Sorry no one has responded to your post until now so hoping i can help. Welcome to the asd forum.
Sometimes cases of autism can be easily spotted other times cases can be missed eg if people can mask so appear to function in the world (in some cases socially). No friends in school and being a loner (sometimes by choice) can be a sign of autism. By issues with routines are there some things he has to do a particular way over and over again? If you tried to teach him a new routine that he didn't know (or change a routine he knows very well) would this upset him?
I can mask (to an extent) so can appear to understand others feelings and pick up on social cues but it comes at a cost, I need quite a bit of alone time in order to process what's going on. Being hyper aware of others is another sign of autism. He might be concentrating so intensely on whats going on that starting a conversation is difficult for him. Knowing how and when to start a conversation can be difficult for autistics. He might be so self conscious of not interrupting that starting a conversation with kids his own age becomes too much for him. Conversations involve a lot of quick decisions on what to say, when to say it, how to say it, what not to say, how to start talking, how to stop talking, how long to talk before stopping to give others a chance to speak. He might find people too confusing to speak to or it could be anxiety that's preventing him from talking. https://www.nhs.uk/conditions/selective-mutism/ but you can have selective mutism and autism.
Autistic children can struggle to make and maintain friendships. Are there any kids in his class who have similar hobbies and interests that his teacher could buddy up with him or introduce him to them? Maybe there's kids in his class who are poor at something he's good at? Could he perhaps help the other kids with their drawing? (you mentioned he was creative or the other creative activities he can do) Then they could ask him specific questions about drawing to get him talking about something? i liked maths so brought some maths books to school and shared them with other kids. i also shared apples from grans garden but was unaware that some may have maggots in them at the time of sharing causing embarrassment when the kids found out. i was 10 at the time and had no diagnosis at school. i also used to just walk around the yard at school playtimes.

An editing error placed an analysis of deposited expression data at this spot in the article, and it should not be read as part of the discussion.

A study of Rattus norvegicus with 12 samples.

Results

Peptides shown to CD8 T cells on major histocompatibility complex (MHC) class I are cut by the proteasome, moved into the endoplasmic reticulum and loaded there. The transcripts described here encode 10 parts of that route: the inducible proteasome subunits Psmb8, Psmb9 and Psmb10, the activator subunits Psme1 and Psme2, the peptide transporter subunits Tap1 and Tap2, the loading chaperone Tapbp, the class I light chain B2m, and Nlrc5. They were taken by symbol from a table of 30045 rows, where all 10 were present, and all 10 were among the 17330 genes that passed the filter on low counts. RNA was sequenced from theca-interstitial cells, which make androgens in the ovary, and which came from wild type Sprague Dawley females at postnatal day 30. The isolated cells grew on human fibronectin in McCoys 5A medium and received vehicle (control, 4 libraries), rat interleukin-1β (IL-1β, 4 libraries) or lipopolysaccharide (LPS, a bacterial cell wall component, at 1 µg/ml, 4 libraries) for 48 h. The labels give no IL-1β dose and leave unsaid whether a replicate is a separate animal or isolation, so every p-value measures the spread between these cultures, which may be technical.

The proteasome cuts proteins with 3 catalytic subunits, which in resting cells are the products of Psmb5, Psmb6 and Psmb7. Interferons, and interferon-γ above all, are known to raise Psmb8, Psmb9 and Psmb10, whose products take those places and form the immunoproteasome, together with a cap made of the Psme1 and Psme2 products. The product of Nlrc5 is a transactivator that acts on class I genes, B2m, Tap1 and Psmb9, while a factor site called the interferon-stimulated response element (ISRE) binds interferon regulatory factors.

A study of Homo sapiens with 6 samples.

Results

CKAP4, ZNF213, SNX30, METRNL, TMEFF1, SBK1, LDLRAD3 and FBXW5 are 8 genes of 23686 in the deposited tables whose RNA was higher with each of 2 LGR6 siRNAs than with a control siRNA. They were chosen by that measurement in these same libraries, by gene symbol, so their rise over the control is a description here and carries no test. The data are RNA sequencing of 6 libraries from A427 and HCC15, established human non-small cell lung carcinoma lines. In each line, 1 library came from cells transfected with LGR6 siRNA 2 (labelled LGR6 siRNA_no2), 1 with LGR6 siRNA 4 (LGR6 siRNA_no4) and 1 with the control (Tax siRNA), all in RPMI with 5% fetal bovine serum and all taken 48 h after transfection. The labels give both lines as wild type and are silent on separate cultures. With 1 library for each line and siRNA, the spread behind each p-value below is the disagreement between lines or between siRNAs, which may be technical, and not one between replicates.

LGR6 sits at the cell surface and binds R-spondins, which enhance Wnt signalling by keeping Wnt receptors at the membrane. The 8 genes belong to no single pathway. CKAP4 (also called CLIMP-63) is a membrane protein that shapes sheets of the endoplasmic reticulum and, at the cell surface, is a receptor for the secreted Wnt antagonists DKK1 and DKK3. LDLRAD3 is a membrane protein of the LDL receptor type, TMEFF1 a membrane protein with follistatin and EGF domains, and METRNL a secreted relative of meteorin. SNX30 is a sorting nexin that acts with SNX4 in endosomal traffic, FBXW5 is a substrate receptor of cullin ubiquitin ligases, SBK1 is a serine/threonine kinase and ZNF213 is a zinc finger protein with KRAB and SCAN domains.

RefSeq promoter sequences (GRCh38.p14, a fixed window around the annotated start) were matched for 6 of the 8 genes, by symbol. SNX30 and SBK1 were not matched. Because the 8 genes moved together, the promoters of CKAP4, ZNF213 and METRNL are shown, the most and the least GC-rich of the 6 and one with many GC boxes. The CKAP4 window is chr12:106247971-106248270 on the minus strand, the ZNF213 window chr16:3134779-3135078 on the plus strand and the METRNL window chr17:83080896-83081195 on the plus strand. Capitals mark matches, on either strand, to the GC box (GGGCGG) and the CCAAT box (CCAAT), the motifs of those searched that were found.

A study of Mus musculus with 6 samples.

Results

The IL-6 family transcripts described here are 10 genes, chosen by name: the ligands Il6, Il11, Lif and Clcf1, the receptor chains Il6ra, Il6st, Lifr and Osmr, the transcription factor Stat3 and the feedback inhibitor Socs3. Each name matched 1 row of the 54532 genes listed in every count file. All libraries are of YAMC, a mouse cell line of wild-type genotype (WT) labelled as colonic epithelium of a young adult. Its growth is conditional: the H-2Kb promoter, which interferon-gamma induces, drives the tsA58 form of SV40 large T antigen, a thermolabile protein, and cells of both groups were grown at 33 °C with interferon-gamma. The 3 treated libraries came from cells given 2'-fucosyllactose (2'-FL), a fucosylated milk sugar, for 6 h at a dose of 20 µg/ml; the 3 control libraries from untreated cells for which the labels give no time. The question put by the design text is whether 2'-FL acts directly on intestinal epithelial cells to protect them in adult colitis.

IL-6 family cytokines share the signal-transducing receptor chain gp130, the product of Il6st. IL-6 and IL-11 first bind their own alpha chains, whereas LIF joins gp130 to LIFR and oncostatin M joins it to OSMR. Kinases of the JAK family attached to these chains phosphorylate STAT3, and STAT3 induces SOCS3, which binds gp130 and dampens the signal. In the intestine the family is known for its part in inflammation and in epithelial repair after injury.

i was severely depressed from age 8 but was unable to express this in ways others noticed. It was the 1980s and childhood depression was less well known about then. i still have bouts of depression but at least i know why and have some strategies that can help.
The term 'high functioning autism' is quite misleading, i could go to school, write in my book, read, but playtimes i either walked around the yard or put a coat over my head sat on the floor in the playground. i lasted as long as i could in the dinner hall, (unless the dinner lady banged a spoon on the table telling us it was too loud) because i didn't want to go out and play, dinner times were predictable, playtimes were busy, sensory stimulating in a bad way, overloading and too much. There are different presentations of autism, some kids are too chatty, even with strangers like me, others are more like your son, then there's kids out there like neither of us.
i didn't know what i had at the time of school, due to delays in support and diagnosis, i have only become more settled in myself in my early 40s, my diagnosis was in my late teens. There is a lot of overlap between my diagnoses and disabilities, i have fibromyalgia a physical health problem, but that causes concentration issues but so does autism. i have elhers danlos another physical health problem, but that caused my physical developmental delays as did my autism, i have dyslexia so my reading is slower the right way up than with inverted text (very annoying when quiz answers are written inverted). Secondary anxiety and depression can accompany 65% of autistic kids (NAS, You need to know campaign).